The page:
Feeds

Debian 'Lenny' arrives: bigger, longer, searchable

Linux distro gets medical injection

Boost IT visibility and business value

There's something different about Lenny, the latest release of Debian that finally went live this weekend.

No, it's not that Lenny is the largest ever release of Debian with 23,000 binary packages (6,000 more than predecessor Etch).

It's the fact Lenny will be the first version of Debian that will let you search for specific packages using a combination of meta-data-based tags via the package manager.

Debian, the GNU/Linux that underpins Ubuntu among other Linuxes, has a reputation for being difficult. That's partly based on the fact that it's so customizable - something that reserves Debian for hard-core programmers.

The new search function has been introduced, though, to make it easier to sift through the huge ecosystem of new and existing packages. Some of these new packages will mean that Debian is now officially supported in new areas such as high-performance computing and medicine. Packages have existed before but are now tested and are supported, facts that should comfort adopters in environments where mistakes and glitches can prove deadly.

"It's become more of a problem helping people to find they packages they want," Debian project leader Steve McIntyre told The Reg as Lenny prepared to finally go live.

"We keep adding cool new software," he said. "There's a whole set of scientific packages have made it into this release...the people managing bit clusters wanted something stable...for many of them, this will be the first time they use them [the packages]."

He said a whole host of medical applications have snuck in. "Five years ago if you'd have asked me I'd have said we'd never get there. It's about as specific as it gets. But we've got doctors and people who are committers," McIntyre said.

Lenny is, of course, late - having been expected in September 2008. McIntyre said the huge number of committers to Debian and their globally distributed nature was the real reason for this, rather than the complexity of Debian or a growing list of bugs that needed attention.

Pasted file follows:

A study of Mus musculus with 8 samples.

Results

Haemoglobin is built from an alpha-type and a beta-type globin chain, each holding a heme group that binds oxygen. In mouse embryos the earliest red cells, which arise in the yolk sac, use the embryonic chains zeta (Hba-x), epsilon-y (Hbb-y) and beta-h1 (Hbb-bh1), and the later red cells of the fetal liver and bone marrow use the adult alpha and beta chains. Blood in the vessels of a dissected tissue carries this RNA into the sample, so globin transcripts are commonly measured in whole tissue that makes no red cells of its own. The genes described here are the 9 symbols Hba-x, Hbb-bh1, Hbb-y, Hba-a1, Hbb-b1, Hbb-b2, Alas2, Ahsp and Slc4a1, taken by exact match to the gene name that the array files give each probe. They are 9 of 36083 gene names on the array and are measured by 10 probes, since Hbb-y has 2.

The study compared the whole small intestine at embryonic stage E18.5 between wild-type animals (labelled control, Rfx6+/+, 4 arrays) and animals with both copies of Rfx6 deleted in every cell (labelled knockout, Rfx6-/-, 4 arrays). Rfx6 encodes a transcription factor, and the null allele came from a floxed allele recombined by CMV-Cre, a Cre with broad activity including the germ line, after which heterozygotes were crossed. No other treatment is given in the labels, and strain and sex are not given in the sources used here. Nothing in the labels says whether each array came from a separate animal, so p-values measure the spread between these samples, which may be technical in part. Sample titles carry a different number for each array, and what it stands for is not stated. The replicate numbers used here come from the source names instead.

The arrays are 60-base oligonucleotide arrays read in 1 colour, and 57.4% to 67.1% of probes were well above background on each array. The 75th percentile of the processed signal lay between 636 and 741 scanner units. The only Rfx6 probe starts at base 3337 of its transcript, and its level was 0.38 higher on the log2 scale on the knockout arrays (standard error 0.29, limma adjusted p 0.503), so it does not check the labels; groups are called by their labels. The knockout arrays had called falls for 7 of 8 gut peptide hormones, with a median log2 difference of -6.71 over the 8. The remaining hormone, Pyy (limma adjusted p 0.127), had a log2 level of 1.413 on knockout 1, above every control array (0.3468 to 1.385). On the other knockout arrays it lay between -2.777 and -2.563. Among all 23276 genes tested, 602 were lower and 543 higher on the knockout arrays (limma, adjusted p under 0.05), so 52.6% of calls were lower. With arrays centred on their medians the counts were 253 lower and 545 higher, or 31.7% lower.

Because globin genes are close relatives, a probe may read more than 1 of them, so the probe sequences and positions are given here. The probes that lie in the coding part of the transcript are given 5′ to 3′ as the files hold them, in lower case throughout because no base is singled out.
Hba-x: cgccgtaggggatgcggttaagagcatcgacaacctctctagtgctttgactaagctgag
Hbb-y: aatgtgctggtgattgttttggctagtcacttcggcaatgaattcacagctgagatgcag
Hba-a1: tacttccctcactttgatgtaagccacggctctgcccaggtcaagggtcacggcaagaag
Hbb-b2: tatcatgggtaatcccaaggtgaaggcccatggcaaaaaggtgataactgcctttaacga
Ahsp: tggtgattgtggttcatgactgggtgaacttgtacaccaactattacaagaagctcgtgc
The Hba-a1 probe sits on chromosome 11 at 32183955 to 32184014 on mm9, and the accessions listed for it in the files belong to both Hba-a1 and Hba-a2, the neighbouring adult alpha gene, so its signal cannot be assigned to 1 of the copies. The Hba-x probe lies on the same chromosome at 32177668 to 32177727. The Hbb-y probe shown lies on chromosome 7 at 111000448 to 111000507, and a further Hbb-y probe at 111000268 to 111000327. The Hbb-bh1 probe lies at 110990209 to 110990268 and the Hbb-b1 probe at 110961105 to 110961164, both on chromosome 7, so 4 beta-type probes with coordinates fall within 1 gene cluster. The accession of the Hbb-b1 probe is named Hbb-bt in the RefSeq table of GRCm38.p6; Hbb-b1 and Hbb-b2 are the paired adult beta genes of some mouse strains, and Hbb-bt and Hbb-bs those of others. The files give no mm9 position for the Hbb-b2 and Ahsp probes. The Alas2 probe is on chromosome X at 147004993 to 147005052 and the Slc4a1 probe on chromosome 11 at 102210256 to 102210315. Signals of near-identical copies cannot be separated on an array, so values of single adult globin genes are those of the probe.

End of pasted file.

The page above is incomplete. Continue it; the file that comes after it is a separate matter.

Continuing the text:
Instead, there were disagreements over what packages to put in and take out. "It was noting earth shattering to people outside of Debian, but we were all very very interested."

Lenny had been pegged for delivery within an 18- to 24-month timeframe, and the disagreements meant it missed the 18-month mark.

On the upside, it came in at 22 months - so was two months inside the planned completion window. Not bad going for a project of more than 2,600 people, all with regular jobs and not getting paid to participate, who were spread across the world. Software projects with full-time, salaried staff are known to do a lot worse.

The next version of Debian, codenamed Stretch, is due in another 18 to 24 months.

You can check out the full list of what's new here and download either to server, CDs, or single DVD - for the first time - by starting here. ®

5 things you didn’t know about cloud backup

More from The Register

next story
Munich considers dumping Linux for ... GULP ... Windows!
Give a penguinista a hug, the Outlook's not good for open source's poster child
The Return of BSOD: Does ANYONE trust Microsoft patches?
Sysadmins, you're either fighting fires or seen as incompetents now
Intel's Raspberry Pi rival Galileo can now run Windows
Behold the Internet of Things. Wintel Things
Microsoft cries UNINSTALL in the wake of Blue Screens of Death™
Cache crash causes contained choloric calamity
Eat up Martha! Microsoft slings handwriting recog into OneNote on Android
Freehand input on non-Windows kit for the first time
Time to move away from Windows 7 ... whoa, whoa, who said anything about Windows 8?
Start migrating now to avoid another XPocalypse – Gartner
You'll find Yoda at the back of every IT conference
The piss always taking is he. Bastard the.
prev story

Whitepapers

5 things you didn’t know about cloud backup
IT departments are embracing cloud backup, but there’s a lot you need to know before choosing a service provider. Learn all the critical things you need to know.
Implementing global e-invoicing with guaranteed legal certainty
Explaining the role local tax compliance plays in successful supply chain management and e-business and how leading global brands are addressing this.
Build a business case: developing custom apps
Learn how to maximize the value of custom applications by accelerating and simplifying their development.
Rethinking backup and recovery in the modern data center
Combining intelligence, operational analytics, and automation to enable efficient, data-driven IT organizations using the HP ABR approach.
Next gen security for virtualised datacentres
Legacy security solutions are inefficient due to the architectural differences between physical and virtual environments.